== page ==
The fight to repeal the military's “don't ask, don't tell” rule drove higher-than-average sponsorship levels for last year's dinner. With the rule's successful repeal in September, organizers of this year's event were challenged with the tasks of compensating for a reduction in sponsorship dollars and reemphasizing the need for the group’s continued work. “The focus this year is to send a clear message that while the repeal was monumental, that alone isn’t enough to secure the L.G.B.T. rights for everyone,” said event planner Liz Leger, president of the Leger Company.
Organizers moved the donation-ask portion of the night to before dinner and created a competitive atmosphere by tracking live text pledges on a scoreboard. A 39-foot screen suspended above the stage displayed six bar-graph-style sections, one for each branch of the military and one for non-military supporters. Elizabeth Birch, the former executive director of the Human Rights Campaign, and the organization’s director of development, David Hall, led the charge to see which branch could pledge $15,000 first. The Navy took home bragging rights, followed by the Air Force minutes later. The overall effort raised nearly $200,000, about double last year’s pledges.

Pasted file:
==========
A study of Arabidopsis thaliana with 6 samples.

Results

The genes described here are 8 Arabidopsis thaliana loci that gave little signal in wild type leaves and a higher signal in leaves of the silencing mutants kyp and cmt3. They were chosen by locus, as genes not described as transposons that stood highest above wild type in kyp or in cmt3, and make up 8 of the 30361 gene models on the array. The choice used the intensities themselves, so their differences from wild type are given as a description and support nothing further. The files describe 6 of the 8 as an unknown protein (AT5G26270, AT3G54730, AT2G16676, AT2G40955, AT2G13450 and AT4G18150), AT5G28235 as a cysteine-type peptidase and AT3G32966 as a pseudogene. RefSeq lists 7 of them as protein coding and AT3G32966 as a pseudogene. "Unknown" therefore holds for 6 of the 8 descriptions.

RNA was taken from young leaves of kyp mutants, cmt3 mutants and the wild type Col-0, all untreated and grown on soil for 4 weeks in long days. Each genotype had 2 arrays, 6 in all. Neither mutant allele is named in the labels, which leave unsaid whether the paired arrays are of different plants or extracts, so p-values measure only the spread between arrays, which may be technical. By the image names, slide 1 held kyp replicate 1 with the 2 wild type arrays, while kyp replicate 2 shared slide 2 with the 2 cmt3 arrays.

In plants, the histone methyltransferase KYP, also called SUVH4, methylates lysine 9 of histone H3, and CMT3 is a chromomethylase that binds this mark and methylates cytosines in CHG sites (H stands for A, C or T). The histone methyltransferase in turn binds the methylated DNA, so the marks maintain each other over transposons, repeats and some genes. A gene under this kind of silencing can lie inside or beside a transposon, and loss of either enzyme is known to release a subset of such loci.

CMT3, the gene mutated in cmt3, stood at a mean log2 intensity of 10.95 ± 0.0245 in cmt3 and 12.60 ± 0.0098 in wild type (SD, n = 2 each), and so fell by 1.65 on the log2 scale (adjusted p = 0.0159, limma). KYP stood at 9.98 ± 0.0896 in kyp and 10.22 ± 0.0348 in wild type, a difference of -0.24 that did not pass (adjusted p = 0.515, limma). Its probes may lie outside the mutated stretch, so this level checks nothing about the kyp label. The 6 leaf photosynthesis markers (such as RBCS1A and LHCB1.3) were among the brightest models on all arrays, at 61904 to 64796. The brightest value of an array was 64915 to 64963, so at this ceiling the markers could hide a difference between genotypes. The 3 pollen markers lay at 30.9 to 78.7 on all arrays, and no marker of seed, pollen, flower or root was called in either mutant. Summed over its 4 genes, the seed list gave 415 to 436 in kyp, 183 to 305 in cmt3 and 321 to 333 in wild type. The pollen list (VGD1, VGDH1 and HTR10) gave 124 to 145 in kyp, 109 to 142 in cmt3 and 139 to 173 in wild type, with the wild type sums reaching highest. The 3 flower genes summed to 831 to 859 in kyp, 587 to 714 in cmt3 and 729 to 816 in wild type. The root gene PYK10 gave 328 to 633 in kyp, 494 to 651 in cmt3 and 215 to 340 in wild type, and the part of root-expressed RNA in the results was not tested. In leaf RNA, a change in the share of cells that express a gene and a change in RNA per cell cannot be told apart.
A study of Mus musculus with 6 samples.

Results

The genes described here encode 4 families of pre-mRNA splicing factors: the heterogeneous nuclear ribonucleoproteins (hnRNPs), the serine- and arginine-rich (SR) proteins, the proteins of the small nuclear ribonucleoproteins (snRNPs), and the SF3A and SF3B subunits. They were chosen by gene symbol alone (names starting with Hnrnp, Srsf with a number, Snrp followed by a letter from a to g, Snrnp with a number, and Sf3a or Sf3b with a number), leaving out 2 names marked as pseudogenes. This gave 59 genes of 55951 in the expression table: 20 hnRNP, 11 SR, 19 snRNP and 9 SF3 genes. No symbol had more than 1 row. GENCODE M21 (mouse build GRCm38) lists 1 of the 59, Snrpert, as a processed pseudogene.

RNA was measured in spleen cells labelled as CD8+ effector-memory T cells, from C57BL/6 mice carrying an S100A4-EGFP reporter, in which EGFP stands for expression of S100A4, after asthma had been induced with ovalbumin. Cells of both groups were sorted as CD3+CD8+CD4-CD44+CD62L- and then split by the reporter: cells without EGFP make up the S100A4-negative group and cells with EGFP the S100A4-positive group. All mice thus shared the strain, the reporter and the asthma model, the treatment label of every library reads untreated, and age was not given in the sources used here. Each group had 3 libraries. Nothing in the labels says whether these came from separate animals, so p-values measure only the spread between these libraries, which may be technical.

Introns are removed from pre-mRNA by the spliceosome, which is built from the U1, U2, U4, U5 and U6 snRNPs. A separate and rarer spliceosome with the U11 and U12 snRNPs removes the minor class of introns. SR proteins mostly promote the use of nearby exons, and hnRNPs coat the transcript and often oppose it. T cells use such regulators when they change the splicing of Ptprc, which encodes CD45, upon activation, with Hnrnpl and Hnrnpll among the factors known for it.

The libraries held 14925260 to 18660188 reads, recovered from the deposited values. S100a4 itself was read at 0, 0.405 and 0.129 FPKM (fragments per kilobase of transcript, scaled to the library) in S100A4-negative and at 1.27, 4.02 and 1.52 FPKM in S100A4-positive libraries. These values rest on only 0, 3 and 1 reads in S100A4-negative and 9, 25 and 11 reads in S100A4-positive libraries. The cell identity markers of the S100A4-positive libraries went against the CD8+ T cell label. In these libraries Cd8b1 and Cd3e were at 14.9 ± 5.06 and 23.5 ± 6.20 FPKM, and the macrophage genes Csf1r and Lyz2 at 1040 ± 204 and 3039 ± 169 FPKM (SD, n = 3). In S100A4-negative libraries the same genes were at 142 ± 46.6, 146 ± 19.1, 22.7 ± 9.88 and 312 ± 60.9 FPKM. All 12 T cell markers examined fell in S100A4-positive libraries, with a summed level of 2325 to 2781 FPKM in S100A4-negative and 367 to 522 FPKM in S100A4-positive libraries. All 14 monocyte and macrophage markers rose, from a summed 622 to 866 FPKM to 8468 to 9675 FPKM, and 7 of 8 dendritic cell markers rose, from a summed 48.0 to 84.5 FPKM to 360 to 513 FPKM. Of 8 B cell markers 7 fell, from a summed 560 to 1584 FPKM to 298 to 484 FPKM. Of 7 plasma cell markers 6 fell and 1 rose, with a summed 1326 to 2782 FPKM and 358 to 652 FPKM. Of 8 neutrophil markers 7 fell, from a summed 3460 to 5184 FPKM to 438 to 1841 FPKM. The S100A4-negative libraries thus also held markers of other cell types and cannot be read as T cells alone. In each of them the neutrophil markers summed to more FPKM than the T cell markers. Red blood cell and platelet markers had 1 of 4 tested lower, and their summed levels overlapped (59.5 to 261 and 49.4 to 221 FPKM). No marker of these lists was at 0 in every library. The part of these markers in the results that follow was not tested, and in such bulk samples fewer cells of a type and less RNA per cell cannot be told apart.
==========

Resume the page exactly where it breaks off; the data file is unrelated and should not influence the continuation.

Other changes to the night included a more condensed program than previous years and a dessert reception following dinner rather than a seated service for the final course. “It’s a social group, so everyone can now socialize more than if they were forced to remain sitting in their seat,” said Hall.
Hargrove Inc. worked with Windows Catering Company and Table Manners to adorn the museum in red, white, and blue, creating distinct spaces for the reception, dinner area, and dessert party. Atmosphere Lighting utilized red uplights and white star gobos projected on the columns and walls of the museum’s grand hall, along with an array of votive candles on each table, to create ambiance in the vast space.
In total, the night raised more than $500,000 dollars for organization’s work to ensure all same-sex married couples receive the same rights and privileges afforded to their heterosexual counterparts from the military.